Home Business & TechEconomy City of Kigali  To Confiscate Idle Plots of Land

City of Kigali  To Confiscate Idle Plots of Land

by Williams Buningwire
11:52 am

Idle Plots-there are even in the Prime land of central business districtThe City of Kigali says it will go ahead with a plan to confiscate undeveloped plots of land, lying idle for more than three years despite several warnings to the owners.

So far, over 696 idle plots of land have been evaluated in latest inspection conducted in 2020, and risk confiscation, according to Marie-Solange Muhirwa, Chief Urban Planner of the city.

The city authority on Wednesday pointed out that land development permits have been issued to owners, but they have been not compliant to develop them.

“We carried out the inspection and evaluated idle plots. Afterwards, we contacted owners several times, asking them to develop them, but some have not complied,” Muhirwa said.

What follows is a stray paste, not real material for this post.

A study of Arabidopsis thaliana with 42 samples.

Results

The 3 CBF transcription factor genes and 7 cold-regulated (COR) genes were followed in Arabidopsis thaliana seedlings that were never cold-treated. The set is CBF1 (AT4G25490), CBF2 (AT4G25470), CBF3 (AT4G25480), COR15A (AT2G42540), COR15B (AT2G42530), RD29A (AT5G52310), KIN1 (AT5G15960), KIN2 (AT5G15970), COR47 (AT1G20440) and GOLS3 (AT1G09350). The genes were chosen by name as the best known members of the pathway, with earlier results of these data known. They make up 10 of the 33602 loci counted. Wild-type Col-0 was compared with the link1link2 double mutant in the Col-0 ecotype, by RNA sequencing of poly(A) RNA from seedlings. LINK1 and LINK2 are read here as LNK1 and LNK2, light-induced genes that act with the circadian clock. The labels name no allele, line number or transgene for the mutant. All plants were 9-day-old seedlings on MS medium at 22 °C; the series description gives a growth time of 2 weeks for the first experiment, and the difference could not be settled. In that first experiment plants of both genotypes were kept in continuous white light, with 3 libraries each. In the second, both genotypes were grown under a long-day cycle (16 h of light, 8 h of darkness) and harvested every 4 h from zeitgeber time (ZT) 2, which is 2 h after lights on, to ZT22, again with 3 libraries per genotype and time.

“For remaining undeveloped plots of land, the law will be applied.”

According to Article 58 of law no. 43/2013 OF 16/06/2013 Governing Land in Rwanda, “Any land in the following categories may be confiscated; the land within urban areas where a detailed physical plan was approved by competent authorities and it is clear that it has spent three consecutive years unexploited.”

Also article 60 reads: “The decision to confiscate the land from the land right owner cannot be taken before he/she has been given formal notice of ninety (90) days as of the date of receipt by the concerned person.”

City officials say that some the plot owners have acquired many plots of land in the “city corridor areas”, and have all been lying unutilized for over three years, which is against the law.

The City Mayor, Pudence Rubingisa pointed out that those undeveloped plots of land are becoming a challenge to the city’s development agenda.

He stated that some owners own many plots and are speculating to sell them more expensively in future, adding that it is one of the reasons why they hesitate to develop them as directed by the law.

“People willing to develop them are there. We cannot achieve development in a city, with people buying many plots, but not developing them,” Rubingisa stated.